Thursday, May 14, 2009
How to Treat a Girl
It was still dark when I heard someone outside jiggling the door. It was 1972, our trailer was over-stuffed with our growing family and the kids got the closet-sized bedrooms, so we slept on a hide-a-bed in our living room. I heard a car pull up about 4:30 am, then the creak of the wooden steps, and a muffled rustling under the window just a few inches away from my head.
When the doorknob moved quietly I thought my heart beat would scare the intruder away. A minute later the tires crunched the gravel and my jaw unclenched enough that I could wake Dee. He checked the kids first, and then opened the door. There on our tiny porch was a pound of butter and a pint of whipping cream.
Our secret benefactor was my father-in-law. He was a steel worker, on his way to an early morning shift, and he knew how much I disliked the ghastly, fake yellow lard that passed as butter in our house. We drank a horrible-smelling blend of powdered milk mixed with skim, and we added Dream Whip to that for a lumpy whipped topping. Real cream and real butter were some of the sacrifices we made to afford a college degree.
It has always touched me that Dee's dad found such sweet ways to support us. His wife had MS so he had taken over the kitchen. He canned fresh peaches and homemade jam of unique concoctions: cantaloupe/peach, or apricot/pineapple/walnut. A box of oranges, or a half-a-ham and a container of frothy layered jello often arrived just in time for dinner. Money was tight on both ends, and his contributions were made-to-order.
My father-in-law was bashful. It embarrassed him if I gave him a hug or acted at all affectionate. I think he liked to give in secret so he wouldn't have to endure uncomfortable scenes of appreciation and gratitude. There were no deep conversations, and we never told him our troubles. Rather, he sensed our needs: when we'd need his tools to unfreeze our pipes, when he ought to drive by with hangers to unlock our car doors. A few times he shyly gave us a $10, $20, or $50 bill at just the right time, or a tupperware filled with lamb stew. He observed our challenges, let us handle them together, but was there with support.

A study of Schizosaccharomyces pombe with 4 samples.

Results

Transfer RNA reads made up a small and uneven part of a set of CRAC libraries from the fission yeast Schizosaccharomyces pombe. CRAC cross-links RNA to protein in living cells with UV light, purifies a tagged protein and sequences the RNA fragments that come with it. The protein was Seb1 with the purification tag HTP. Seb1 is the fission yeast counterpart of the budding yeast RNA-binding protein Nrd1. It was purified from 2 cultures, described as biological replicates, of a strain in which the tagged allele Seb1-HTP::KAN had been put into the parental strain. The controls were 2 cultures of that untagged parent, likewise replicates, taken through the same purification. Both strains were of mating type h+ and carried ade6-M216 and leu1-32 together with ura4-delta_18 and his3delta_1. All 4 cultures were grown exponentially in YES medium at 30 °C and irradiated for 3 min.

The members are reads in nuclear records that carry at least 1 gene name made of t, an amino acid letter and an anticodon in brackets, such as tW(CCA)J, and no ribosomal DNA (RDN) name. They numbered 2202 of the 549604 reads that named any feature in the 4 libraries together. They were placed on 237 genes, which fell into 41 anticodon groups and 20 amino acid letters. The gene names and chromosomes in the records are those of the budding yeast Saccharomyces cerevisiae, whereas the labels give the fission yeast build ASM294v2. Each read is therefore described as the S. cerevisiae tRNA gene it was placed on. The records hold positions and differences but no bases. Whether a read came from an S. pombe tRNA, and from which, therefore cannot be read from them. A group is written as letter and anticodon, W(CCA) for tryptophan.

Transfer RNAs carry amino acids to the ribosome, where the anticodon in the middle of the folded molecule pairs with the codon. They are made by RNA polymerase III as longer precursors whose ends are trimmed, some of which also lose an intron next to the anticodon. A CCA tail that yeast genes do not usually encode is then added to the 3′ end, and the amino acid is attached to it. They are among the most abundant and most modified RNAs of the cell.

I learned a lot from him. He may have thought our judgment was naive or impractical but he never voiced that opinion. He never tried to steer us toward one career or another; he gave us the impression he thought we could make good choices. His support and encouragement were quiet and steady, and his criticism was non-existent.
Looking back, I realize how his trust and confidence gave us courage to dream big. I don't ever remember a time he had his feelings hurt that we weren't somewhere for something. He understood we were busy trying to establish our own family traditions and he allowed us to do it, and invite him occasionally to participate. I never worried that our new ways were offensive, smashing his meaningful, old family rituals in favor of our enthusiastic plans. He enjoyed whatever we were doing and cheered us on from the background.
He respected me as Dee's wife, and the kid's mom, and sustained our determination of lessons, sports, bedtimes, discipline, chores. I felt we were doing a reasonable job as parents, largely because he wasn't second guessing our decisions or watching to see the error of our ways, and comparing it to the wisdom of his. He stepped aside and let us have our turn at life. I love him for that.
It's his birthday today, and I hope he's celebrating in heaven with a special dinner of his own distinctive dishes. He was a dear man and raised a hard-working, loving son, and he sure did know how to treat a girl.